From the deck of a small research boat, Rob Downs, a sonar expert with NOAA's National Ocean Service, lowered an automated underwater vehicle into the waves. The AUV was bright yellow, about 6 feet long, and shaped like a torpedo. Like the AUV that is currently searching the bottom of the Indian Ocean for Malaysian Airlines Flight 370, this one was equipped with side-scan sonar. But its first-of-a-kind mission was to find something much smaller than an airplane. It was searching for sea turtles.
All species of sea turtles found in U.S. waters are listed as threatened or endangered under the Endangered Species Act, and NOAA Fisheries scientists need to keep tabs on their populations. Larisa Avens, who leads sea turtle research at the NOAA Fisheries lab in Beaufort, North Carolina, is one of them. “Sea turtles are often surveyed from the air,” Avens said, “but flights can be expensive, and you only see the turtles when they surface to breathe.” Avens and Downs, along with their academic and state agency research partners, hope to help solve that problem using sonar.
Will Sea Turtles Stand Out on Sonar Images?
Scientists have been using side-scan sonar to search for marine animals for at least a decade. But they've been doing that with sharks, sturgeon, and other animals that travel near the bottom but not on it. That makes them easier to spot by the acoustic shadow they cast on the seafloor. Turtles, on the other hand, are often down in the mud, where they can resemble a pile of rocks.
Downs said the sonar images look like a charcoal drawing of the seafloor. “Metal and concrete are very strong acoustic reflectors,” he said, so man-made objects stand out. “Sea turtles give a weaker acoustic return.”
So for their first go at estimating sea turtle abundance using sonar, scientists chose an ideal spot. Cape Lookout Bight, at the very southern end of North Carolina's Outer Banks, is a small body of water formed by a hook in a barrier island. It's only about a half-mile square and 30 feet deep, but every May it fills up with sea turtles. Scientists aren't sure why these usually solitary creatures congregate there, but whatever the reason, they provide plenty of opportunities to test out the sonar.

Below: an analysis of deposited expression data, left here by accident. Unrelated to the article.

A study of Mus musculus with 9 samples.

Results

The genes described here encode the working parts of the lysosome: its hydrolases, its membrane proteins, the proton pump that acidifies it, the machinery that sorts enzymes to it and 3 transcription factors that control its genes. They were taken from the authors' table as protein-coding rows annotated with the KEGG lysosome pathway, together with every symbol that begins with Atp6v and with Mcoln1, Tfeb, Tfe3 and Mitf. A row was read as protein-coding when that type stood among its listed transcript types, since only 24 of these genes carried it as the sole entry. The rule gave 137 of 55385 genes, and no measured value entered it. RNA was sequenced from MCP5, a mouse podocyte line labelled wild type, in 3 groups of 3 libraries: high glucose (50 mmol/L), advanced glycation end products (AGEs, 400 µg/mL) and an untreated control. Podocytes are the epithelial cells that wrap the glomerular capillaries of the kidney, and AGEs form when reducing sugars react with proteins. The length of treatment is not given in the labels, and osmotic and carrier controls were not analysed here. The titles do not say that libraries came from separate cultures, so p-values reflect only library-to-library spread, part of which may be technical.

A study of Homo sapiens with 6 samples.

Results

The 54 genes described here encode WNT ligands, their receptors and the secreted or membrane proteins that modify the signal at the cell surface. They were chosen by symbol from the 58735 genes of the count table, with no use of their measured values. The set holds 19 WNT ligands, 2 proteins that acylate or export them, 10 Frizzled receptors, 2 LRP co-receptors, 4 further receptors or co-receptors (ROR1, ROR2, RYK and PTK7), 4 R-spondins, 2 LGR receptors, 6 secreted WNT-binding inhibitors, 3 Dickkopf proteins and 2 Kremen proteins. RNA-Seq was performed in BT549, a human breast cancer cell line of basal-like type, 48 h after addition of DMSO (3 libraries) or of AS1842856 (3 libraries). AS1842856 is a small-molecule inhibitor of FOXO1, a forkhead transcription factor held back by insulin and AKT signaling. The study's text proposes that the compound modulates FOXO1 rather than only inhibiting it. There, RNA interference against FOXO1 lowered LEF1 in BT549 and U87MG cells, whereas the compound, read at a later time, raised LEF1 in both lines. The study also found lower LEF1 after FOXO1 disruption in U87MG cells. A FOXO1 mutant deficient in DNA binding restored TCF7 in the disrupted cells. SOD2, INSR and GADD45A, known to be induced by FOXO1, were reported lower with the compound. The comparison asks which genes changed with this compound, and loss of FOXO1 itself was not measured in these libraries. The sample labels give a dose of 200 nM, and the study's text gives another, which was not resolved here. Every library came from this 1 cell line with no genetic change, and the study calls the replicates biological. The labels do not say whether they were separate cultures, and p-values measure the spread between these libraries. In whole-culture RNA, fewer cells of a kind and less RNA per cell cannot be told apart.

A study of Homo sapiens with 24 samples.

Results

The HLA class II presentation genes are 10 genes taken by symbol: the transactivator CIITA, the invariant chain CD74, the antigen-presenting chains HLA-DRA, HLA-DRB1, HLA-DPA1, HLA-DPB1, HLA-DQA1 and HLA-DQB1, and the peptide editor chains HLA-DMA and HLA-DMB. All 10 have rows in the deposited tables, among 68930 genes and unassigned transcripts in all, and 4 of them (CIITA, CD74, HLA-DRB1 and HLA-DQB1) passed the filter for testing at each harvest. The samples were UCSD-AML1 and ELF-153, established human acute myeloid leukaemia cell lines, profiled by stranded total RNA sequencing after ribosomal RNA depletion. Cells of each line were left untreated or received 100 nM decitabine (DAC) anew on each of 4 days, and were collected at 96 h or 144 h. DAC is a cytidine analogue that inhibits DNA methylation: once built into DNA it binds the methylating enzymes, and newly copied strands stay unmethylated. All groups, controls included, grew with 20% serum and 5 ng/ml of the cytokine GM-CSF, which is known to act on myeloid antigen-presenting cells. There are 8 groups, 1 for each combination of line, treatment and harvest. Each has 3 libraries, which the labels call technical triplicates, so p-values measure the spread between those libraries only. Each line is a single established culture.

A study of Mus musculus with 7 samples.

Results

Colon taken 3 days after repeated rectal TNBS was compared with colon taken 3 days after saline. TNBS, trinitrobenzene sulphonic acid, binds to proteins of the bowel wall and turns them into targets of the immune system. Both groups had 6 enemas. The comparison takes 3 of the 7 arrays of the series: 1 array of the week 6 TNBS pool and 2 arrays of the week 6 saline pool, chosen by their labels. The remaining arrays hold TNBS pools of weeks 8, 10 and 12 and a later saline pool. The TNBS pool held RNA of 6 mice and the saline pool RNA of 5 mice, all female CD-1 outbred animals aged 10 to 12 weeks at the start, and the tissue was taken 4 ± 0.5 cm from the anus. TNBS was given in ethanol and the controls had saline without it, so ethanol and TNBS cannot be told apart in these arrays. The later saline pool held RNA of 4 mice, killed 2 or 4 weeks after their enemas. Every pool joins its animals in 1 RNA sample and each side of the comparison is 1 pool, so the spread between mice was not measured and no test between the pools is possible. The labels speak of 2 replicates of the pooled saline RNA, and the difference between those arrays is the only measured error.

Downs programmed the AUV to run tight transects at different depths and using different sonar frequencies. Low frequencies have a longer range, but they produce low-resolution images. High frequencies produce much clearer images, but can’t see out as far. Back at the lab, scientists will determine which combination of settings produces the best balance of image resolution and area covered.
Hands-On Techniques Will Always Be Needed
Even the highest possible resolution won't give scientists all the information they need. So while Downs and his team were running their underwater robots, Avens and a team of biologists were capturing a sample of turtles using more traditional techniques.
They set a 100-meter mesh entanglement net in the Bight and kept a close eye on the buoys atop the net. Whenever the buoys started shaking, they rushed to work.
"We want to clear the net as quickly as possible if anything is entangled," Avens said, since sea turtles need to come up for air. They also checked the length of the net every 30 minutes to make sure they didn't miss anything.
They caught 57 sea turtles over 4 days. The largest—an adult male loggerhead—weighed about 350 pounds and took a team of six to haul onto the deck of their small research boat.
Once they had an animal onboard they applied microchip and flipper tags and measured the turtle’s carapace to determine whether it was a juvenile or adult. Satellite and acoustic tags were attached to a subset of turtles so scientists could track their migrations. They then took tissue samples for DNA analysis that would show which population the turtle was from. Chemical analysis of stable isotopes in the tissue would reveal what the animals were feeding on and where.
Conservation Strategies Require Good Data
They also took blood samples. Until they mature, sea turtles have no external sexual characteristics, and blood testosterone levels are the only way to determine sex.
We're very interested in monitoring sex ratios because sex determination in sea turtles is temperature-dependent," Avens said. "The warmer the incubation temperature, the more females you'll get in a nest."
This may be a problem in the future if the climate continues to change. Sex ratios for many species are already female-biased, with about two to three females for every male. This can still be a functional ratio, since females nest on average every 2 to 3 years, whereas males may mate more frequently. "But if temperatures continue to rise, the populations might become male-limited, and that would affect their reproductive potential," Avens said.
Climate change is one threat sea turtles face, but they’re also confronted with more immediate dangers, such as being struck by boats or caught in fishing gear. NOAA Fisheries works to reduce these threats by coordinating a stranding network that rehabilitates injured turtles, for example, and by developing gear modifications that allow turtles to escape fishermen’s nets. For these strategies to be effective, scientists need to keep close tabs on sea turtle populations.
That should become easier with side-scan sonar. Hands-on data collection will always be necessary, but abundance estimates using sonar will help scientists extrapolate the results of their hands-on methods to the larger population more efficiently and accurately.
“We need a lot of data to protect these species,” Avens said, “and we’re always looking for better ways to get it.”